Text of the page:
Sling doesn't burrow

Obelisk

Arachnobaron

I'm wondering if a sling might not want to make a burrow because the substrate is too damp or from some other issue, or if it's just normal for some slings to do this. Has anyone had one that just hung around above ground like this?
 

Wachusaynoob

Arachnosquire

I'm wondering if a sling might not want to make a burrow because the substrate is too damp or from some other issue, or if it's just normal for some slings to do this. Has anyone had one that just hung around above ground like this?
Some burrow right away, others take a few weeks.
When I got my 5 lp slings A few days after I transfered them 4 out of the 5 had burrowed. The other burrowed eventually, but spent more time outside the burrow than in.

Dont know anything about you SP. so i'll let the experts jump in :rolleyes:
 

Scoolman

Arachnolord
I usually provide a hide for the ones that choose not to burrow.
 

malevolentrobot

Arachnobaron

neither my pulchripes nor euathlus sp. have made any attempts to burrow thusfar in their delis and i've had both for months (all of my brachys have though, at one point or another).
 

kylestl

Arachnosquire
 

Obelisk

Arachnobaron

Anyway, I'm definitely looking forward to when this T get's bigger!
 

AbraCadaver

Arachnoknight
 

WARPIG

Arachnoangel

PIG-
 

BrotherM213

Arachnosquire


There will be no burrow before its time.;P

PIG-
LOL-you been watching fast times at ridgemont high lately?
 

bobusboy

I usually provide a hide for the ones that choose not to burrow.

My G. Pulchra was burrowing a lot then stopped filled it in and molted on the surface and hasn't burrowed since; all it's done is play a bed of web down and chill out around its enclosure
 

Offkillter

 

malevolentrobot

Arachnobaron
i probably should edit my own reply to add that the two i don't see having any inclinations of burrowing (the pulchripes and euathlus sp.) have bulldozed in the same manner you stated. perhaps they will, perhaps they wont, but if this is acclimation they are taking their sweet time and otherwise eating and moulting, and are not acting strangely.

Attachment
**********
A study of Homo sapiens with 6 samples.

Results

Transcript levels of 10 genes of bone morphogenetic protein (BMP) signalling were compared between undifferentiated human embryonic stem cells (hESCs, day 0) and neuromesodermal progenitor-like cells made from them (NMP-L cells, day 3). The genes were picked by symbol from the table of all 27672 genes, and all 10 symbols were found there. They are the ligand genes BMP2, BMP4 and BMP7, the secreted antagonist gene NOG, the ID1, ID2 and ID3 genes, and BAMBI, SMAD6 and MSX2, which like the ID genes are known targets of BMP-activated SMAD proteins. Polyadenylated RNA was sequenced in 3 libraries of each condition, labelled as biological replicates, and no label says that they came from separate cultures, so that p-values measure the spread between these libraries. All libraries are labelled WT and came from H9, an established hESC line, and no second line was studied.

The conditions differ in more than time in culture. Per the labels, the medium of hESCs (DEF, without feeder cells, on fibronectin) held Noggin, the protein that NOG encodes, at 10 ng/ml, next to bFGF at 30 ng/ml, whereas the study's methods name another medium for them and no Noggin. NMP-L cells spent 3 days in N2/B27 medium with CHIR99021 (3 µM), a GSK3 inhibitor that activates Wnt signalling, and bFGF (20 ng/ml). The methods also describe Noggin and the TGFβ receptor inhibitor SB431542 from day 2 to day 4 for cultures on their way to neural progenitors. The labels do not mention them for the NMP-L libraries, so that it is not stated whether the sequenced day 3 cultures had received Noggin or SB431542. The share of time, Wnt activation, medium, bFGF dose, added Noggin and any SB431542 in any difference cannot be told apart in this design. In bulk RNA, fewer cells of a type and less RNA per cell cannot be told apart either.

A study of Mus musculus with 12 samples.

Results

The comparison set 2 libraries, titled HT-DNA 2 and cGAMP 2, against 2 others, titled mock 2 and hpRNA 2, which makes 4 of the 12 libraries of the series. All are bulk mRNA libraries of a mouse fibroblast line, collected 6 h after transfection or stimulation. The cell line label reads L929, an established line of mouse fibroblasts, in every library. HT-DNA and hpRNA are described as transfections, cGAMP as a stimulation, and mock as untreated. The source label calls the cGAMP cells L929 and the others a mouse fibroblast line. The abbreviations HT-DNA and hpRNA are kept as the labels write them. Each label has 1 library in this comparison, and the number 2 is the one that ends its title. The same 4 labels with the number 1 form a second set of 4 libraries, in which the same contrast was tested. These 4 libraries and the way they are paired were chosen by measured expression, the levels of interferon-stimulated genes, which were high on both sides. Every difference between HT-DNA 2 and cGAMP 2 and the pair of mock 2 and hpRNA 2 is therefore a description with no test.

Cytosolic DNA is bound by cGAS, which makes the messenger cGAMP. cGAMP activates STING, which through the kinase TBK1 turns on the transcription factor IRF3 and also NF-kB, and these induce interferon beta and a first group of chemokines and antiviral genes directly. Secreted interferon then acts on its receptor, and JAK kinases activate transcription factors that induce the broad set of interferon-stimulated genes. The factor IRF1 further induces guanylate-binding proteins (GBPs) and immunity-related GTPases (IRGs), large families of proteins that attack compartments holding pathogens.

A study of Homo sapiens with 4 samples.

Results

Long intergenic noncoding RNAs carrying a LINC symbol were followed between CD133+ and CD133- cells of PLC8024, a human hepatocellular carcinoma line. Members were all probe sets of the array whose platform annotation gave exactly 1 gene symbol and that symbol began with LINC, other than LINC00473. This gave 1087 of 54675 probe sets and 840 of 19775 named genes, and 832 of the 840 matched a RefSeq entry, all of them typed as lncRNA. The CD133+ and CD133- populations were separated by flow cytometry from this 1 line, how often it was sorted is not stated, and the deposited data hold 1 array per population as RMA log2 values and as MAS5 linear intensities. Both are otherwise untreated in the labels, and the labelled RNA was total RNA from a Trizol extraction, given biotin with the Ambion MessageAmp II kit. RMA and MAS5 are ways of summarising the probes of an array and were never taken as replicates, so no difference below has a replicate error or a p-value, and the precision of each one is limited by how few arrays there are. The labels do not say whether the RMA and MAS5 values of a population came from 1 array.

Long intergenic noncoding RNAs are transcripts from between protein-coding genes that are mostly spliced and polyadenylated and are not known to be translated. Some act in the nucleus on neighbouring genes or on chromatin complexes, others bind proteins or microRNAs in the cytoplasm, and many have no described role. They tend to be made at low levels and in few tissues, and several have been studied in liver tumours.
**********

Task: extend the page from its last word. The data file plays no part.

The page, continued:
webbedone

Arachnobaron
 

Shell

ArachnoVixen AKA Dream Crusher AKA Heartbreaker
 

Obelisk

Arachnobaron
 

malevolentrobot

Arachnobaron
eh, supercompacting coco hasn't deterred certain burrowers in the past, ime.

if anything, i am fortunate burrows haven't collapsed from such measures. possibly just giving it a starting point helped? even giving "ideas" for burrowing for terrestrials, i've had slings/juvies/adults decide on ideas of their own, ime.
 

TerribleGrizz

 

Obelisk

Arachnobaron

if anything, i am fortunate burrows haven't collapsed from such measures. possibly just giving it a starting point helped? even giving "ideas" for burrowing for terrestrials, i've had slings/juvies/adults decide on ideas of their own, ime.
I agree with malevolentrobot, I had the substrate in my G. pulchra slings' enclosure compact, which didn't deter it from burrowing. Granted it did take a few weeks before it did, but it did nonetheless. It's out and about now though, completely ignoring it's burrow. T's will, ultimately, do as they please.
It might have burrowed anyway, but I had this doubt in the back of my mind that the setup might be allowing the sling to carry out its natural behavior (burrowing). I just wanted to remove that doubt before just leaving the T to do as it pleases. Anyway, I don't like to overthink this kind of stuff (even though it looks like I already did :}). Too minor an issue, looking back on it. But thanks for the replies.